If you feel safe and comfortable in your environment and are having fun you will be much more inclined to relax and try new things, which in turn results in a positive learning experience.
A great instructor involves you in the progress and helps you make the most of your practise time between lessons, allowing you to take charge of your own learning.
- An adaptable and athletic stance
- Good reactive balancing skills
- Turning and or stopping skills
- Something to relate the activity to, this helps to improve their knowledge and understanding
- Patience and time to practise – everyone get things right and wrong
- The correct terrain, selected by the instructor to begin with and then with time, by the student
- Small achievable tasks or challenges along the way
None of the above are exclusive to beginners, intermediates and experts use them too.
The difference could be said to be that at the beginning the skill is closed or targeted to a single outcome, for example – standing in the middle of your foot. As the performer progresses the aim becomes wider or more open, say feel for the ball of the foot at the start of the turn and settle back into the middle of your foot during the rest of the turn. Both are working on athletic stance and balancing skills but the focus is changing slightly.
Another example is with turning; for the beginner this has the single outcome of controlling speed, whereas at a higher level the focus opens to allow freedom of expression and experimentation with lots of different outcomes.
All of your skills need to be practised, and in many different ways; for example at speed, slow and fast, and on different terrains, shallow to steeper/steeper to shallower and variable textures of snow/powder/bumps/ice. Your instructor should have the time and patience but sometimes the student doesn’t and demands too much of themselves.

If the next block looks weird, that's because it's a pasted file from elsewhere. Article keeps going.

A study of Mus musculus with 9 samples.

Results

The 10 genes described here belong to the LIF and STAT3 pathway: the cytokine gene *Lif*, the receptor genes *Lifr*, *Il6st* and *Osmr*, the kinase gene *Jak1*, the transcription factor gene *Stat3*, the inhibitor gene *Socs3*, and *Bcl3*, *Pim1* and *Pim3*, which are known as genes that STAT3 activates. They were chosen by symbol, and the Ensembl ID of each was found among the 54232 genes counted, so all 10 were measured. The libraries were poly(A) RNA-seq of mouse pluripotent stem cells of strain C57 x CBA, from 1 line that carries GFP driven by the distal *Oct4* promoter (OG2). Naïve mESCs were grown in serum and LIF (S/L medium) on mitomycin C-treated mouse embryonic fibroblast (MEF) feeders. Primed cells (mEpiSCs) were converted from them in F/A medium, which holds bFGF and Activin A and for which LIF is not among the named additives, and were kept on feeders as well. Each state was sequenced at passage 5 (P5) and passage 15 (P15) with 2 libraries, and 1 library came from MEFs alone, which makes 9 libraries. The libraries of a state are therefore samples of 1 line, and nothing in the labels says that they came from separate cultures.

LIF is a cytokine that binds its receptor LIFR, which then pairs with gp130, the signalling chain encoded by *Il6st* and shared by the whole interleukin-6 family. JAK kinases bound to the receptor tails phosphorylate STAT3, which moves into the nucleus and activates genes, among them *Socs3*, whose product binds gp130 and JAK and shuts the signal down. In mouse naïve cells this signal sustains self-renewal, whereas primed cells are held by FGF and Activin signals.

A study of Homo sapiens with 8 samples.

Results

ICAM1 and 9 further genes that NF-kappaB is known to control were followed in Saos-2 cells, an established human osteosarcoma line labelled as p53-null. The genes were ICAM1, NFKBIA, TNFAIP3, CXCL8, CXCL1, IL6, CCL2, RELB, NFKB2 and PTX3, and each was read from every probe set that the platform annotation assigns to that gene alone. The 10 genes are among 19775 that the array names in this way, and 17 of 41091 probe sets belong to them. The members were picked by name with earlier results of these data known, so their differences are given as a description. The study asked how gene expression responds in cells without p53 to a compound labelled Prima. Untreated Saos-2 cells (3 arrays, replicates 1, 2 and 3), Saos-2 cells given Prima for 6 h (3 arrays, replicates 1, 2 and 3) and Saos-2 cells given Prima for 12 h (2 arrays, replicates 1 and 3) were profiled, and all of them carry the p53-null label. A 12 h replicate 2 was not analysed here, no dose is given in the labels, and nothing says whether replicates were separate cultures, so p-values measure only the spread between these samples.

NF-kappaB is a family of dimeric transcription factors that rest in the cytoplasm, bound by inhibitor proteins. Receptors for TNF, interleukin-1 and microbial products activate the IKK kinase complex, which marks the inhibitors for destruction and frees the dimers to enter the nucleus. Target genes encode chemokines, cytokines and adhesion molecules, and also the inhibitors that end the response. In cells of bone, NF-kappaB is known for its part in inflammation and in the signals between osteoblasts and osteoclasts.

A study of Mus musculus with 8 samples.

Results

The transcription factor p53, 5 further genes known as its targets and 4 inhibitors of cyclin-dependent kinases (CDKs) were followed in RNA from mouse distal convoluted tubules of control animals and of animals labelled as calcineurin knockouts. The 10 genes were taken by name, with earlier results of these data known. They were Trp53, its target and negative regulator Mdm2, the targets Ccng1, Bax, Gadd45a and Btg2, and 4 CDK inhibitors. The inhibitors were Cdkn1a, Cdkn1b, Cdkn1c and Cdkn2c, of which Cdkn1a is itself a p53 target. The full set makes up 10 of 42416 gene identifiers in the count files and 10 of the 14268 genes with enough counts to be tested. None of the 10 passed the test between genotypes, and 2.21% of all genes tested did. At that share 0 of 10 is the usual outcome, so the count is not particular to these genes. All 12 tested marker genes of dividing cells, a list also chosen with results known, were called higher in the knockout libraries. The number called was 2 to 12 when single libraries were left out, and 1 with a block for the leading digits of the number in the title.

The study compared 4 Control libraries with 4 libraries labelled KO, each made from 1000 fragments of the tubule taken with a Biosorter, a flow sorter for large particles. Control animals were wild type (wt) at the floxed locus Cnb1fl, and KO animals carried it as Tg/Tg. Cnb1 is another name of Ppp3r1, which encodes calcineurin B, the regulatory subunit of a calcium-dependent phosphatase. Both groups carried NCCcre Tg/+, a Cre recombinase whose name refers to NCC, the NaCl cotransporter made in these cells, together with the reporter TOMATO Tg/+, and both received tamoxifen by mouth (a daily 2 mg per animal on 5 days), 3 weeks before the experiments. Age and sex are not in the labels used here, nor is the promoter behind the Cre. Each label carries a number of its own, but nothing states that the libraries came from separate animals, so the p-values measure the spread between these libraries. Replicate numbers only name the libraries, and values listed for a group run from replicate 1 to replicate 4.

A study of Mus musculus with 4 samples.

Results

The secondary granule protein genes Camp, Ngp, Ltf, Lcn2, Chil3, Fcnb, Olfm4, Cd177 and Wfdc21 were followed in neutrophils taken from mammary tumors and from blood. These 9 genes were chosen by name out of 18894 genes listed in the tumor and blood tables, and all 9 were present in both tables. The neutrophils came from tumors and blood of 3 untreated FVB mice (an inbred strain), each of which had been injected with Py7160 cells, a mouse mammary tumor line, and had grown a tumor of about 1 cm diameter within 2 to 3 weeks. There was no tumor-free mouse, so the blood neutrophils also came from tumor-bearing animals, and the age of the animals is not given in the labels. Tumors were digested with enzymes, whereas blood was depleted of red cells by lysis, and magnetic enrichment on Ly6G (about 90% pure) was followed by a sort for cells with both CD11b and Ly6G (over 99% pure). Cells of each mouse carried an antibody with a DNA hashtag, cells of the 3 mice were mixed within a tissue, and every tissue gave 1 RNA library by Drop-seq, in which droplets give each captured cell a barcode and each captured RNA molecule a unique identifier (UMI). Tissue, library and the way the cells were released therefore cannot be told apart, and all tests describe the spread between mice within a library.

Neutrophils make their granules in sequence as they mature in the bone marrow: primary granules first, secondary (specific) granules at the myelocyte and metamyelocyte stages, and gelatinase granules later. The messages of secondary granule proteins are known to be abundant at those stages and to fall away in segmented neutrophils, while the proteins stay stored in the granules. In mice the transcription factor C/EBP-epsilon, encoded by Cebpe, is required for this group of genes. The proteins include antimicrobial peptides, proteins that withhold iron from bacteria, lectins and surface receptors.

- Take your time, let the challenges grow at an achievable rate
- Allow yourself to fail sometimes, take the pressure off
- Choose the correct terrain/speed – it doesn’t always have to be a steep or fast challenge
- If you want to be good at something, keep at it, not all day but keep revisiting
- If you’re worried that lessons are boring ask the instructor for a lesson with a difference. You are the customer
- Try a different discipline – for example Alpine Learning Curves teach Alpine and Telemark skiing and Snowboarding
Author: Joe Beer, from Alpine Learning Curves, has been a ski instructor for 30+ seasons and is a specialist in ski, telemark and snowboard instruction in Morzine.
“I still get input when and where I can, at the very least at the start of the season, at the BASI trainers conference. I look forward to it as it gives me a few things to focus on while I’m sliding about”.